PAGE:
Sometimes, I just forget that we aren’t all tapped into the Akashic record, downloading information to our brain as needed. As I continue to write The Dysfunctional Mob, I found something else, I have never addressed in The Dysfunctional Chronicles.
I know I have mentioned that Dedka Leon (Дедка is the diminutive form of grandfather in Russian) is an Orthodox priest, but that doesn’t mean much to most people. Possibly because the Soviet Union tried very hard to stamp out Orthodoxy. For those who didn’t spend dozens of hours listening to professors discuss Russian and Soviet History, let me try to explain a bit.
The biggest complaint the Soviets had about the Russian Orthodox Church was it supported the monarchy. It was also anti-death, which turned out to be a huge problem for Stalin. Worse though, not every country annexed by the Soviet Union practiced Russian Orthodoxy. This meant that it wasn’t a unifying feature within the Soviet Union. The solution was to ban Russian Orthodoxy and like most of the world in the days before 1945, Russians were pretty antisemitic, particularly Stalin. Banning Russian Orthodoxy was difficult and most followers just went underground to practice the religion. So the Soviet Union made all religious practices illegal. Lenin actually believed that the Russian Orthodox Church could be helpful to the Bolshevik cause. However, Lenin died and he was not replaced by Leon Trotsky. Trotsky and Lenin were in agreement on a number of things, including the importance of the Russian Orthodox Church in helping to unify Russians behind the Bolshevik cause.
Stalin did not share much in common with Lenin, but he had hair*, so he was made Chairman of the Commissars of the Soviet Union after a power struggle with Trotsky and a few other Old Bolsheviks. Stalin had no use for the Russian Orthodox Church or their thoughts on the Bolshevik cause or the fact that the Russian Orthodox Church had a tendency to breed dissidents. Stalin actually made religion illegal and to celebrate, he began sending Russian Orthodox Priests to the gulags where most died. This just made practicing Russian Orthodoxy more dangerous and underground Russian Orthodox Church groups actually reached new highs under Stalin.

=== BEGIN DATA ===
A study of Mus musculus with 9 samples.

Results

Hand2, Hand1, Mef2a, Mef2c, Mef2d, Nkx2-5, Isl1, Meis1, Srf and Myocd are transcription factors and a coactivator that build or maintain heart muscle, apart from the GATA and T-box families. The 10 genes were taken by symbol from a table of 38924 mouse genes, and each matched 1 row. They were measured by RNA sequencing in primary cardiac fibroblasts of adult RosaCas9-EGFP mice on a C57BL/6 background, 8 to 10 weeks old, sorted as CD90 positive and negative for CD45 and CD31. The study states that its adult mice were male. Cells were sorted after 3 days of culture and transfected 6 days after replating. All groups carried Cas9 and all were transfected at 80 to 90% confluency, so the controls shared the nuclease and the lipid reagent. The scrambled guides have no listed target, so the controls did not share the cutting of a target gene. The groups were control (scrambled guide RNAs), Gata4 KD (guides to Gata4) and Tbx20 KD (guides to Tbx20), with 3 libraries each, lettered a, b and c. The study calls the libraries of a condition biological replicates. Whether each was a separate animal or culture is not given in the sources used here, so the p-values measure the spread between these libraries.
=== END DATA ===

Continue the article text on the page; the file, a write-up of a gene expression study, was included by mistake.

Oh, what was the point? So coming back to the hair comment at the end though. Orthodoxy and Catholicism. Ah yes.
For the most part, Orthodoxy isn’t all that different than main stream Catholicism (not Roman Catholicism which is different than mainstream Catholicism and all Eastern Orthodox religions like Russian Orthodoxy), except that Russian Orthodoxy does not answer to the Pope and they reject the Filioque, which has something to do with the Holy Trinity (The Father, The Son, and the Holy Ghost, they reject or do not include The Son, because the Son is Jesus Christ who is not God). It all makes terribly logical sense while sitting in a lecture hall listening to it…
Both Orthodox Priests and Catholic priests are allowed to be married, but there is a caveat… They cannot be married after they enter the priesthood. Catholicism is a little more persnickety about it than Orthodoxy. Also since Russian Orthodoxy was ferreted out quite severely in Russia, it was not all that uncommon for Orthodox Priests to get married during the years of the Soviet Union. It was actually a good way for them to hide that they were a priest, since the priesthood was a part time gig that didn’t pay and couldn’t exactly be used as a status symbol. This explains why Russian Orthodoxy is less particular about the whole “must be married before entering the priesthood” if you intend to be a married priest. The other big difference is children in Russian Orthodoxy. Russian Orthodoxy does not condemn birth control like Catholicism and they do not promote breeding the way the Catholicism does. What hasn’t been discussed is that Dedka Leon was a practicing Orthodox Priest before he came to the US, but he was an underground practicing Orthodox priest, being married was practically a requirement. Once his wife passed away, he became a full time Orthodox Priest in the US.
*Russians associate hair with power and no one is quite sure why. Some have even argued that Vladimir Putin was elected more because he had hair than because anyone thought he would be good at the job. In all of the elections for office, even minor, office, that Putin has won, his opponent has been bald. This has given rise to the theory that if Putin’s next opponent has hair, he’ll probably lose his position, which would be interesting to see. I guess that would prove that hair is more important than we realize, maybe, at least in Russia.